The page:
Eating Disorders, Trauma and PTSD - Part 2

What You Need to Know to Get Better

Posted Jul 01, 2018

Source: CarolynRoss/Shutterstock

Eating disorders are rarely solely related to abnormal or disturbed eating habits. In fact, eating disorders are rarely even about food.  As an integrative medicine practitioner with over thirty years’ experience in treating eating disorders, knowing the root cause of eating disorders like bulimia, binge eating disorder and anorexia is critical to developing an effective treatment plan for patients.

In Part 1 of this blog, you learned about the relationship between eating disorders and trauma and what types of trauma can lead to eating addictions, binge eating, compulsive overeating and other eating disorders (EDs).  Part 2 will cover what EDs and trauma have in common and more on what you can do.

What PTSD and Eating Disorders Have in Common

When looked at more closely, PTSD and eating disorders share some similar characteristics. They both have high rates of dissociationEating disorder behaviors may be a way to distance oneself from disturbing thoughts, emotions or memories associated with PTSD (Mitchell et al. 2012).  It’s possible to see the psychological symbolism of these behaviors in sufferers of eating disorders. Purging can be seen as a way to get rid of something unwanted (emotion, memory or symptom) while bingeing can be seen as a way to fill a void. We know logically that we cannot fill an emotional void with food and we cannot get rid of unwanted feelings, memories or symptoms by emptying our stomachs. Yet, both provide relief for the sufferer in either managing the symptoms of PTSD or as a coping mechanism in dealing with an unresolved (and possibly subconscious) trauma.

Along with the shared characteristics between PTSD and eating disorders, there are also similar genetic and biological factors that might explain this correlation. However, even while there may be additional factors for this relationship between eating disorders and PTSD, studies continue to show that women and men with trauma and PTSD have higher rates of eating disorders than the general population (Mitchell et al. 2012). This suggests that, at the very least, eating disorders are much more complicated to treat than originally believed. This added layer of complexity must be understood in order to treat eating disorders, trauma and PTSD effectively when two or more are present concurrently.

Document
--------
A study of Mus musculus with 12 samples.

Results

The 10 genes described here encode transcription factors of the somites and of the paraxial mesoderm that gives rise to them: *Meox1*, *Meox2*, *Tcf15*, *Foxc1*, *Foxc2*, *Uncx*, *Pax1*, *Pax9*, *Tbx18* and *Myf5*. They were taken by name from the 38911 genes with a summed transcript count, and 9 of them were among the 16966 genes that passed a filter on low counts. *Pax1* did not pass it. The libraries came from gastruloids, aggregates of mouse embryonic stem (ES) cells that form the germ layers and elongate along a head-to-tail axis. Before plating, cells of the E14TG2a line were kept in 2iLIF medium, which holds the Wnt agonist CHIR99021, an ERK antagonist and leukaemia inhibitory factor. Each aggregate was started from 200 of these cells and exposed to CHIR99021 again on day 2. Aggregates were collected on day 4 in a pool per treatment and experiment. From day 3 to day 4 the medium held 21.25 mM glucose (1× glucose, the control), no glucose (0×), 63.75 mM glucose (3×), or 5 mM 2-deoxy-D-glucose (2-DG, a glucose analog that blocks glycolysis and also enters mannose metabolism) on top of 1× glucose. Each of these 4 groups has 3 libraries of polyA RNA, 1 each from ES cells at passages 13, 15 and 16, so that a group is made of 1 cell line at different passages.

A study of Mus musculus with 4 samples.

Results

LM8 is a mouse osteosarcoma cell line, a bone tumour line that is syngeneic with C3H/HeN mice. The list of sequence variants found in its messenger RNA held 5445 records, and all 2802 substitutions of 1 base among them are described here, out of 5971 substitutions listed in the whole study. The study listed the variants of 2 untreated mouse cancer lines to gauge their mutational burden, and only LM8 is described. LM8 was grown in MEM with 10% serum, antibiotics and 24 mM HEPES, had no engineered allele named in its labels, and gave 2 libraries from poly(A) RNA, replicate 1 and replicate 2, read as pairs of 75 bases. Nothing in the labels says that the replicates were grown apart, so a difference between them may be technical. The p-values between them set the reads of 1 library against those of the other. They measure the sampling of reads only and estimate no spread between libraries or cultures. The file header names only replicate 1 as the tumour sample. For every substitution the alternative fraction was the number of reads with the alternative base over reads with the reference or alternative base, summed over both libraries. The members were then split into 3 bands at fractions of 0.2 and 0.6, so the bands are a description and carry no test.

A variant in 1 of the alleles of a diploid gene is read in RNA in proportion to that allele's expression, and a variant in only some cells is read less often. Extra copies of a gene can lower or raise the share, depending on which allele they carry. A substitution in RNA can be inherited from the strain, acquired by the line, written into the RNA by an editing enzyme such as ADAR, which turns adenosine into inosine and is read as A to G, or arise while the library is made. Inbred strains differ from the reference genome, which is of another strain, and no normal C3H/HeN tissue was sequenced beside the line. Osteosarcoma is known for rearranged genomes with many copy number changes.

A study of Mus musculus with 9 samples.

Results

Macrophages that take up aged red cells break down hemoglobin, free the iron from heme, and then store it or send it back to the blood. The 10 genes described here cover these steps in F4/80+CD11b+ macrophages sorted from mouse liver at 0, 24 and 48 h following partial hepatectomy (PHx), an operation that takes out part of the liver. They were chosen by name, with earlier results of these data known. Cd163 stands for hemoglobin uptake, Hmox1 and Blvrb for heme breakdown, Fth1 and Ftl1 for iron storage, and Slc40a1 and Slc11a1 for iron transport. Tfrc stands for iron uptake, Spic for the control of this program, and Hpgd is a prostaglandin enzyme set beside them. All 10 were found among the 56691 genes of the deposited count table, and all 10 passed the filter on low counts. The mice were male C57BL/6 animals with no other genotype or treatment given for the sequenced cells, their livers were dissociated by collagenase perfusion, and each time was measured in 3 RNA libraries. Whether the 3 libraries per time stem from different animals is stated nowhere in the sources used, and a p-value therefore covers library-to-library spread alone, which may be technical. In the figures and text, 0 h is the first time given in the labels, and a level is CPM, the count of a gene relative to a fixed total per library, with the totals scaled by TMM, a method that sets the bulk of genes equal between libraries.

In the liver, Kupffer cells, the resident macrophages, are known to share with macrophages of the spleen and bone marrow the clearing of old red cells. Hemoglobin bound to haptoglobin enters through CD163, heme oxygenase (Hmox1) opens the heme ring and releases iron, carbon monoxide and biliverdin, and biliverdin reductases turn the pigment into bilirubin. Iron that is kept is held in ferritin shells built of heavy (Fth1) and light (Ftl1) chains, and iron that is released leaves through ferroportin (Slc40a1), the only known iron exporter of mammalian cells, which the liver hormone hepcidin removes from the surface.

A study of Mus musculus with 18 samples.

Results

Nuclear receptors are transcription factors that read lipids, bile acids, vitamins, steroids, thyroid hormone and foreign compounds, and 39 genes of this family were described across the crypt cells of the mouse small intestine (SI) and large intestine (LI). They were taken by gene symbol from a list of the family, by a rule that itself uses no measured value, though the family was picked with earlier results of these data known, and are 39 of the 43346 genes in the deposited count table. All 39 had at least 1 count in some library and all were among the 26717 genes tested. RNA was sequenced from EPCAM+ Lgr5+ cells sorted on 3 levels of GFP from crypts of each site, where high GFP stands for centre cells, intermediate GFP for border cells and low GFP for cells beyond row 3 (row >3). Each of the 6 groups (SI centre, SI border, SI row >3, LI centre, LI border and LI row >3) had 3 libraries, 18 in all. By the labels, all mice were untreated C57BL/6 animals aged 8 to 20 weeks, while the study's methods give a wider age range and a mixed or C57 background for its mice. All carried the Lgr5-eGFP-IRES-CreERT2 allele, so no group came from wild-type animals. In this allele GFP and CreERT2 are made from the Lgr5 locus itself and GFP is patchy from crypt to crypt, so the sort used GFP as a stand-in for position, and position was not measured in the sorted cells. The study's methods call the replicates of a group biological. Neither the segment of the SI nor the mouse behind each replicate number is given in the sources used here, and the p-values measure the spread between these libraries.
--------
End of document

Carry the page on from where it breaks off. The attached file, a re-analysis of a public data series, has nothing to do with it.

One of the reasons PTSD is hard to diagnose in patients with eating disorders is that the Diagnostic and Statistical Manual of Mental Disorders-III does not include a diagnosis for partial PTSD, meaning that while some symptoms may be present, no diagnosis can be given unless all criteria are met. This limits the ability of professionals to properly diagnose patients who suffer from both PTSD and eating disorders or even draw a connection between the two.

The Proper Care and Feeding of Eating Disorders

If you suffer from an eating disorder, this doesn’t necessarily mean you’ve been traumatized. However, if you suffer from an eating disorder and you have a history of neglect, trauma or abuse, it is important for you to get help for trauma while getting treatment for your eating disorder.  Trauma symptoms like loss of focus, nightmares, being easily startled or feeling you have to be on red alert all the time, anxiety, depression, insomnia, and/or hallucinations, may indicate a history of trauma or PTSD. Seeking proper treatment and care is critical to your health and well-being. While medication can be helpful in treating PTSD symptoms, trauma therapy is the cornerstone of effective treatment.

There are several forms of therapy available to treat eating disorders. Cognitive-Behavioral Therapy (CBT) with prolonged exposure is the most recognized and effective methods in treating eating disorders, and many forms of trauma related disorders.  Eye Movement Desensitization and Reprocessing (EMDR) has also been shown to be effective especially in combination with CBT. Some types of medications can also be beneficial in treating mood and anxiety disorders associated with trauma and eating disorders but are best used in combination with therapy.  There are medications for some of the symptoms of PTSD such as nightmares and flashbacks.

The first step in recovery is to get help. You do not have to suffer in silence or alone and there are ways to effectively cope with and heal from trauma, PTSD and eating disorders. Find a therapist who specializes in treating eating disorders, trauma and PTSD to ensure you meet with a professional who can address these needs. The therapy should also include some type of nutritional plan to help restore your body’s ability to heal as the disruptive eating habits may have left your body malnourished.  As you begin to take steps to nourish the body, you will be better able to deal with therapy for trauma and the symptoms associated with trauma. A great indicator that you have the right therapist is you will be able to go at your own pace and learn effective and healthy coping mechanisms to deal with anxiety, discomfort and emotions that surface. If you try therapy and you don’t feel secure or safe, don’t give up. It may take some time to find a therapist who has the appropriate experience, the tools and the right bedside manner to help you recover.